According to the US-based Parkinson’s Disease Foundation, an estimated seven to 10 million people worldwide suffer from this debilitative neurological condition. Statistics also show that men are one and a half times more likely to have Parkinson’s disease than women, with an estimated four per cent of people diagnosed with the disease before the age of 50. Celebrities such as legendary boxer Muhammed Ali, singer Johnny Cash, and actor Michael J Fox have been instrumental in bringing this condition to the forefront.

“Parkinson’s disease is a neurodegenerative condition that is chronic and progressive; its incidence increases with age. People afflicted with it have symptoms such as tremors, stiffness, slow movements and issues with postural balance, and these tend to worsen as the disease progresses. These symptoms occur due to the degeneration of the dopamine producing nerve cells in the brain. Dopamine is the neurotransmitter that enables controlled movement. If there isn’t enough dopamine produced in the body, it can affect the way we think and move,” said Prof. Dr. Christian Franke, Visiting Consultant – Neurology, Burjeel – MHPC (Marina Health Promotion Center).

“Most often, Parkinson’s disease has no cause, and is termed as idiopathic. One of the main risk factors for this condition is age. In the past, the disease is usually manifested in a person in their 50s and 60s; now people in their 40s (or younger) are also being diagnosed with it. A person’s gender, genetic predisposition, exposure to environmental toxins, drug abuse, and low levels of estrogen and vitamin B folate are among other causes. Traumatic injuries to the head can also be a contributing factor,” said Prof. Dr Franke.

Individuals who notice tremors, rigidity or slowness in their movements should seek medical attention immediately, especially if they have all the risk factors. Some of the other symptoms could include tremors spreading from limb to limb, shoulder pain, frozen facial expressions, sensitivity to temperature, digestive issues, depression and low blood pressure.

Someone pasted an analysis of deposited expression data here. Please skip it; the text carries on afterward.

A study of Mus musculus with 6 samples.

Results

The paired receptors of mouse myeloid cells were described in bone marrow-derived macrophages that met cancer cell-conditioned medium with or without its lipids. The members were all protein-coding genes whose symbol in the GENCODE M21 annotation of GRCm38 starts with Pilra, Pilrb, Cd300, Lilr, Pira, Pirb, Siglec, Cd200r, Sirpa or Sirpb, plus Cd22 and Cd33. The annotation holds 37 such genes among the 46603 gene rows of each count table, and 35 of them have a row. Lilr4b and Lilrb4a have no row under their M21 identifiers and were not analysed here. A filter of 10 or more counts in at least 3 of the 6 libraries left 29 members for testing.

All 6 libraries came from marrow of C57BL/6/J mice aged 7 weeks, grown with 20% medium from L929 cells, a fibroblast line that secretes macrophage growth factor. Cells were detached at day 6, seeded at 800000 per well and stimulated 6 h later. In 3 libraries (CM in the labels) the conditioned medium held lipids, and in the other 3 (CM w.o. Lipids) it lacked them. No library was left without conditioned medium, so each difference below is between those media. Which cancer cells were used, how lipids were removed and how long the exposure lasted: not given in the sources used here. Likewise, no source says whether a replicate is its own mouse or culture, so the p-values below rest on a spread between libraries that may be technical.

“The diagnosis of Parkinson’s disease can be confirmed by an imaging technology DemTect that uses small amounts of radioactive drug to help determine how much dopamine is available in a person´s brain. said Prof. Dr. Franke. “However, in most cases the diagnosis can be established without this test”.

“There is no cure for Parkinson’s disease so treatment has more to do with managing the disease and its symptoms. Medication prescribed includes drugs to supplement dopamine levels (Levodopa) and anticholinergics, which are useful when dealing with tremors, among other symptoms. The diagnosis of idiopathic Parkinson´s disease is often based on the fact that the patient improves significantly after he takes oral Levodopa”, he added.

Managing the disease involves the help of professionals such as neurologists, nutritionists, physiotherapists, speech and occupational therapists as well as a psychologist. “Dealing with Parkinson’s disease is not easy as it can affect a person’s life in a major way – from writing to walking and even their ability to communicate, so it is imperative that caregivers and family support the individual through the condition,” advised Prof. Dr. Franke.